October 2020, Vol. 247, No. 10

Editor's Notebook

A Little Help for Our Friends?

Michael Reed, Editor-in-Chief

With oil and gas industry workers being especially hard hit by fallout from the coronavirus, a bipartisan group of lawmakers set out a few months ago to secure assistance for those in the sector who need it. 

In a March 25 letter to leaders of both houses of Congress, several U.S. representatives from the energy-producing states of Texas, Oklahoma and New Mexico also cited the decline of oil prices, leading up to a “dramatic reduction in production” and layoffs, as further reason that additional assistance is needed for “these hard-working men and women with an unprecedented challenge.” 

Lending credence to this argument, government statisticians estimated that layoffs during March ran into the tens of thousands within the industry as the shuttering of rigs set off a chain reaction of unemployment.  

While this was especially devastating news in the home states of these lawmakers, the effect nationally cannot be underestimated either, particularly when considering the plight of many businesses that are indirectly affected by the fate of the energy sector. A recent PwC report also supported this idea, saying the oil and gas industry supports 103 million U.S. jobs, representing 5.6% of the nation’s total workforce.

“We know from previous economic aid efforts that any COVID-19 relief package must protect all hard-working Americans,” the lawmakers wrote. “The effects of COVID-19 will be felt across the economy. But they will be particularly acute in the energy sector.” 

While the logic here is certainly sound, and one would think even those not particularly enamored with the oil and gas industry would support such a plan simply for humanitarian and general economic reasons, this relief effort has apparently not found much in the way of traction beyond the initial letter-writing stage. 

Don’t get me wrong. The effort on the part of Reps. Lizzy Fletcher, Vincente Gonzalez, Sylvia Garcia, Michael McCaul, Al Green, Brian Babin and Mark Veasey, all of Texas, Kendra Horn of Oklahoma, and Xochitl Torres Small of New Mexico, is certainly appreciated by the industry.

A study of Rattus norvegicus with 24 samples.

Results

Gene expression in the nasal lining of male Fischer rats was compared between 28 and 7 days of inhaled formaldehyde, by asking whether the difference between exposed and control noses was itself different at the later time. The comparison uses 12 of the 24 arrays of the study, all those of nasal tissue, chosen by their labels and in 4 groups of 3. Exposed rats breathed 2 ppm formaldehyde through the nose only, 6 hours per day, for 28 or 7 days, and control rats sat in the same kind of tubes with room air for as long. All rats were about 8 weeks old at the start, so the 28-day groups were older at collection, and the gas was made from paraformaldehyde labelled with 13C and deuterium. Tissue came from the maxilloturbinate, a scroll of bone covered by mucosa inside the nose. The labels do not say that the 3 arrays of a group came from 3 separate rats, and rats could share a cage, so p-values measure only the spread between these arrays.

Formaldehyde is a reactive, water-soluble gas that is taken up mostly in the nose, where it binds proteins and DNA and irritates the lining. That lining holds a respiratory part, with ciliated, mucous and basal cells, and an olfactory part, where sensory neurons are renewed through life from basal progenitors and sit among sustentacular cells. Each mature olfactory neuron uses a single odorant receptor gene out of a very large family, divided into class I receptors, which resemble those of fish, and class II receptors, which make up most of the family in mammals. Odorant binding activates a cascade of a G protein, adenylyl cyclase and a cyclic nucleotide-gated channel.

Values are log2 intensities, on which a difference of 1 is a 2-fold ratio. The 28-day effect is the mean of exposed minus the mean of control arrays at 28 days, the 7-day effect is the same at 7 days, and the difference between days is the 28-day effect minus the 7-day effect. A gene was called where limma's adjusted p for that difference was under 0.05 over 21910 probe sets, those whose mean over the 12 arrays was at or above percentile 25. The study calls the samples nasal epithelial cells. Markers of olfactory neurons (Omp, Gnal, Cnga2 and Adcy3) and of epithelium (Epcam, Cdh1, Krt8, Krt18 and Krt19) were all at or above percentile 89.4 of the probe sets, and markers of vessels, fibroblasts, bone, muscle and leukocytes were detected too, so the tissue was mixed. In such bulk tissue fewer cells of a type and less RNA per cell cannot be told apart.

Still, the silence that followed the announcement of the proposal for additional relief has been deafening and a little peculiar. Sure, the wheels of Washington, D.C., have never been known for turning quickly, but after almost six months it seems like an update of some sort would be in line.

I contacted the offices of each of the signees through email and phone messages, with my only direct contacts resulting in a pair of phone conversations that concluded with “someone will call you” type of responses. Unfortunately, no one did. Additionally, I checked with two well-placed sources in the federal government and a couple of pipeline associations. None of them were aware of any activity on the request for assistance to energy workers either. 

While I have no interest in calling out those who did acknowledge that their offices had been contacted, and I understand there are certain limitations that come with working at home, handling voicemail and sifting through emails, the lack of response to this simple question strikes me as odd.  

Separately, bipartisan legislation to support the energy industry (not directly energy workers) by providing $3 billion in funding to purchase crude oil produced in the United States for the Strategic Petroleum Reserve (SPR) was introduced about a month later. 

The legislation would have allowed the Department of Energy to purchase oil, which will provide relief for domestic oil producers and help stabilize the energy markets, but it was stripped from the Senate bill by Democrats who labeled it “a bailout for the oil industry.”

The administration had wanted to buy 77 million barrels of oil – or enough to fill the reserve. The SPR contains about 640 million barrels of oil, with the price tag for filling it being about $2.3 billion, at April prices.